President Donald Trump is not going out without a fight, that much is apparent from his recent output on Twitter and during a heated Thursday night press conference from the White House briefing room.

The Commander in Chief’s insinuation was clear:  There are “illegally cast” ballots out there affecting his path to victory, and he and his team will do whatever it takes to remain in power when this is all said and done.  Trump and his team have identified Pennsylvania, and specifically Philadelphia, as a place in which these sorts of shenanigans may be occurring.

And while the lawyers are still working that case, another lawsuit in the commonwealth is rising concerns about other potential instances of electoral malfeasance.

A lawsuit filed by the Public Interest Legal Foundation (PILF) alleges that there are at least 21,000 dead people on Pennsylvania’s voter rolls. The lawsuit claims that Pennsylvania failed to “reasonably maintain” their voter registration records under federal and state law in time for the 2020 presidential election.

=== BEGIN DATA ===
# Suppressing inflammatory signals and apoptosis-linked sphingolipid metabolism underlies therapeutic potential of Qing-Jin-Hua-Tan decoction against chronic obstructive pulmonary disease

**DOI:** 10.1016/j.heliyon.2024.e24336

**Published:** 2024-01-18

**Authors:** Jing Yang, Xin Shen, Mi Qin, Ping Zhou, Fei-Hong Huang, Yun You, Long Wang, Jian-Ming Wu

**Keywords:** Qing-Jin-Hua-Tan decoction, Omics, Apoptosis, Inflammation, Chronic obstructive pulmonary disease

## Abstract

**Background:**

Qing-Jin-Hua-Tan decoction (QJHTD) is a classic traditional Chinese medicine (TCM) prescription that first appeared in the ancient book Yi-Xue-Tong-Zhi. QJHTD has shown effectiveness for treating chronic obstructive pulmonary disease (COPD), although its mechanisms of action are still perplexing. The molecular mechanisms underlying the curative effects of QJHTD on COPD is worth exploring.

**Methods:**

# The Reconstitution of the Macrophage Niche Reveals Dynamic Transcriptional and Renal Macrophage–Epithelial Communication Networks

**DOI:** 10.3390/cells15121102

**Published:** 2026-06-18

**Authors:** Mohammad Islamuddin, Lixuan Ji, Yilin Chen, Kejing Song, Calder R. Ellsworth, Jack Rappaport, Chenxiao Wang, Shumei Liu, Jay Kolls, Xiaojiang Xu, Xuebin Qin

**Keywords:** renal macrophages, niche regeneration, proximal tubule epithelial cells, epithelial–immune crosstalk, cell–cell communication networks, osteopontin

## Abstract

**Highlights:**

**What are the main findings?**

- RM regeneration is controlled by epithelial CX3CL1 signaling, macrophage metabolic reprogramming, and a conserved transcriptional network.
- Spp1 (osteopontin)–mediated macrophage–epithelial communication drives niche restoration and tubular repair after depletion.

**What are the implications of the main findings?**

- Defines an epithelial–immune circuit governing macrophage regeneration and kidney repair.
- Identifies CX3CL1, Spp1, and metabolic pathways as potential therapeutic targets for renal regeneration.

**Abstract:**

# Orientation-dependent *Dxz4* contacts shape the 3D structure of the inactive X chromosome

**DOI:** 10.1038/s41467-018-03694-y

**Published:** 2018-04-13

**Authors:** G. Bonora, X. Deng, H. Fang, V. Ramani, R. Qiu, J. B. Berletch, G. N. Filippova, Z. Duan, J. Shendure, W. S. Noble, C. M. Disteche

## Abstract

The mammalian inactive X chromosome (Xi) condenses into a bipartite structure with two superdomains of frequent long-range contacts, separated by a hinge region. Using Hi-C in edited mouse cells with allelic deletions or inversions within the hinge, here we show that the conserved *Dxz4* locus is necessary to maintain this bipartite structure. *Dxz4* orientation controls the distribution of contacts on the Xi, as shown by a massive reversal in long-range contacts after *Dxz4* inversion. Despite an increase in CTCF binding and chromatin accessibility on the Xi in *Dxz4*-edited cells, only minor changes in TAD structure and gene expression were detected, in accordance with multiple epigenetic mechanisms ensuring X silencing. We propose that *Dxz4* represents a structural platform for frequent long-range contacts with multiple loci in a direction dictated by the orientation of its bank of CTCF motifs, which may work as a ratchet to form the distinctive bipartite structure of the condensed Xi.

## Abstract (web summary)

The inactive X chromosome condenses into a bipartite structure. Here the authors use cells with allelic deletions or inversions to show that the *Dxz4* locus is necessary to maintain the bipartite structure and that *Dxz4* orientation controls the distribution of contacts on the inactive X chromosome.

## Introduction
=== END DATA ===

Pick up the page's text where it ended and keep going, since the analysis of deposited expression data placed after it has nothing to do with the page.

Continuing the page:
“As of October 7, 2020, at least 9,212 registrants have been dead for at least five years, at least 1,990 registrants have been dead for at least ten years, and at least 197 registrants have been dead for at least twenty years,” the lawsuit states.

“Pennsylvania still left the names of more than 21,000 dead individuals on the voter rolls less than a month before one of the most consequential general elections for federal officeholders in many years,” the lawsuit continues.

According to the lawsuit, about 92 percent of the 21,000 dead people on Pennsylvania’s voter rolls died sometime before October 2019. About 216 dead people show voting credits after federally listed dates of death in 2016 and 2018, the lawsuit alleges.

And while this case in particular may not affect the outcome of the 2020 race directly, it will certainly go a long way in arguments regarding the existence of voting issues in the state that could decide the election.